The American College of Neuropsychopharmacology (ACNP) intends to move its 2025 meeting, originally planned to take place in Orlando, Florida, to a new location to “ensure the safety of our attendees and reflect our values,” according to a statement ACNP released 28 August.
The move comes after 13 scientists, including 10 ACNP members, wrote a letter to the organization’s leadership in June to request that upcoming meetings in Tampa, Florida, in 2023; Phoenix, Arizona, in 2024; and Orlando in 2025 be held elsewhere, according to David Jentsch and Troy Roepke, two neuroscientists who signed the letter. Jentsch and Roepke say the letter cited recent Florida legislation, including bans and restrictions on abortion; teaching about LGBTQ+ identities; diversity, equity and inclusion programs in universities; and gender-affirming health care. Arizona’s legislature passed several similar bills this year, which the governor has so far vetoed.
The letter also referenced a Florida law that allows health-care providers and insurers to deny people medical care based on “moral, ethical and religious convictions” and the NAACP’s 20 May travel advisory cautioning people of color against travel to the state, Jentsch and Roepke say.
Though ACNP says it is too late to find alternative sites for its meetings scheduled to take place in Tampa and Phoenix, it has pledged not to plan future meetings “in locations with discriminatory laws at the time of contracting.” Over the past 10 years, seven of ACNP’s annual meetings have taken place in either Florida or Arizona.
The policy of paramount concern, Jentsch says, was Florida’s bathroom bill, which passed in May and criminalizes anyone who “willfully enters” a publicly owned bathroom not associated with their sex assigned at birth. “It is a given that you will have to go to the bathroom during the meeting,” says Jentsch, professor of psychology at Binghamton University in New York and an ACNP fellow. “Every time you walk in a bathroom, there’s a real chance of an altercation to occur.”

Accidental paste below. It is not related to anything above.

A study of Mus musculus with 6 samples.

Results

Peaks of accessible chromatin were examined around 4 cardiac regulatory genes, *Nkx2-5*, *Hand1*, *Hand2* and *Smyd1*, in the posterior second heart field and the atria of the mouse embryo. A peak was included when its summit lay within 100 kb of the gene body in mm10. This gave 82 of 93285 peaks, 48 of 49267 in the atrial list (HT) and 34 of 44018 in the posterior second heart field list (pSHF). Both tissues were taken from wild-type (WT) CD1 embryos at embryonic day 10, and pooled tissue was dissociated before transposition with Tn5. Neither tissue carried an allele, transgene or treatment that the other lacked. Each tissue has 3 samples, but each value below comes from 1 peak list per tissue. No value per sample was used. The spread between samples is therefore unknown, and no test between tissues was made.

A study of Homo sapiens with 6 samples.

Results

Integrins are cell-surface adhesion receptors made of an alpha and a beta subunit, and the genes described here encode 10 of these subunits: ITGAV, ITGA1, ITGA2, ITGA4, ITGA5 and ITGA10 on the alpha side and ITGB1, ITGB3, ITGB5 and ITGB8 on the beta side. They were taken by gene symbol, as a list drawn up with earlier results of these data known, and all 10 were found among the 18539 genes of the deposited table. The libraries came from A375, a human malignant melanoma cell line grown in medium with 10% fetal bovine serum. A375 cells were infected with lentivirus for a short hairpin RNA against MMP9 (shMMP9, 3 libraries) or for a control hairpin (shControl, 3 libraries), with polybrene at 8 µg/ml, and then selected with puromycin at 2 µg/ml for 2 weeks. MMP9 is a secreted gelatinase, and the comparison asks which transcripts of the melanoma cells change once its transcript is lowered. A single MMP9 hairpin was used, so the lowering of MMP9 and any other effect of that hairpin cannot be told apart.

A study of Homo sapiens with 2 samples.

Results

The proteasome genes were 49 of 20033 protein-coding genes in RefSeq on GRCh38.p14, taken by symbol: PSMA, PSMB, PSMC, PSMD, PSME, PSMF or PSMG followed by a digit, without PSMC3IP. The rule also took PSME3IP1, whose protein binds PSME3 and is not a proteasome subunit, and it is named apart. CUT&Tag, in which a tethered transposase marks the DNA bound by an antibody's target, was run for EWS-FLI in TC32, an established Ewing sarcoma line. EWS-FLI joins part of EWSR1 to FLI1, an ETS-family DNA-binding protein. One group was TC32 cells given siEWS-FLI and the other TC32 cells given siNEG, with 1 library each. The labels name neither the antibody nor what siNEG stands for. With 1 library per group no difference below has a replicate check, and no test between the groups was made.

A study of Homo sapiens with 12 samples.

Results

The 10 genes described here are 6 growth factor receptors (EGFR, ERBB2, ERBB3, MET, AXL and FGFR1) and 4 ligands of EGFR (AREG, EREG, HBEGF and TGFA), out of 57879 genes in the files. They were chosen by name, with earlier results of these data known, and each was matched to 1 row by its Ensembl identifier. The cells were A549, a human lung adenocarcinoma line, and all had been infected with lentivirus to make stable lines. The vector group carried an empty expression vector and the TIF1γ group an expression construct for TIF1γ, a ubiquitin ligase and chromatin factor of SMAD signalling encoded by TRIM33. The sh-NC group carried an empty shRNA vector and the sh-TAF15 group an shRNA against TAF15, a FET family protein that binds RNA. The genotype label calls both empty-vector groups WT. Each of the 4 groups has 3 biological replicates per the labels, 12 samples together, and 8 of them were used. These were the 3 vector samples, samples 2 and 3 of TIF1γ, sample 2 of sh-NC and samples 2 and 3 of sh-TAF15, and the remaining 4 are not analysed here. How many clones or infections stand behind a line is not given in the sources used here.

When reached for comment, ACNP president Sarah Timm declined to specify which laws motivated the change in location, saying the organization is “still working through policy issues.” But in a statement released 31 May after widespread social-media pressure to move the conference, ACNP’s leadership council wrote that it “shares the concerns of many members and attendees that Florida laws do not currently support our commitment to diversity, inclusion and women’s health.”
Other scientific societies are wrestling with similar issues. The Vision Sciences Society (VSS) has hosted its annual meeting in Florida every year since its founding in 2001, aside from virtual sessions during the COVID-19 pandemic. During this year’s gathering in St. Pete Beach in May, the session for the conference’s business matters was “packed” with people discussing whether the meeting should leave Florida, says Sam Schwarzkopf, associate professor and neuroscientist at the University of Auckland in New Zealand, who attended it.
“You could sort of sense the shift in opinions” toward leaving, he says. “I think that a lot of people like me, who might have been undecided before, changed their minds.”
But VSS leadership was clear that the move won’t happen right away, Schwarzkopf says: The society has signed a contract with a St. Pete Beach resort that extends through 2025.
Canceling that contract would just about drain the organization’s financial reserves, says VSS president Geoffrey Boynton, professor of psychology at the University of Washington in Seattle.
Similarly, the Society of Toxicology (SOT) has signed contracts with venues through 2030 — including one in Florida and one in Texas, says Roepke, associate professor of animal sciences at Rutgers University in New Brunswick, New Jersey, and president of SOT’s Out Toxicologists and Allies group. Roepke has previously discussed alternative locations with society leadership, they say, but SOT hasn’t financially recovered from canceling its March 2020 meeting because of the pandemic.
“Finances have been tough,” Roepke says, so they have focused their conversations with SOT leadership on how to provide legal and medical support for vulnerable attendees at already scheduled meetings — and how to change the selection process for future sites. For example, Out Toxicologists and Allies has developed a “Safe Cities” list, which Roepke says omits locations that put LGBTQ+ people and those in need of reproductive health care in legal jeopardy.
ACNP has not yet developed its own list of alternative locations, but it has announced a “reconstituted” task force to create guidelines to evaluate potential sites. Jentsch is part of the new task force, which he says includes many more LGBTQ+ people than its previous iteration.
“More of us in the driver’s seat is a substantive change,” he says.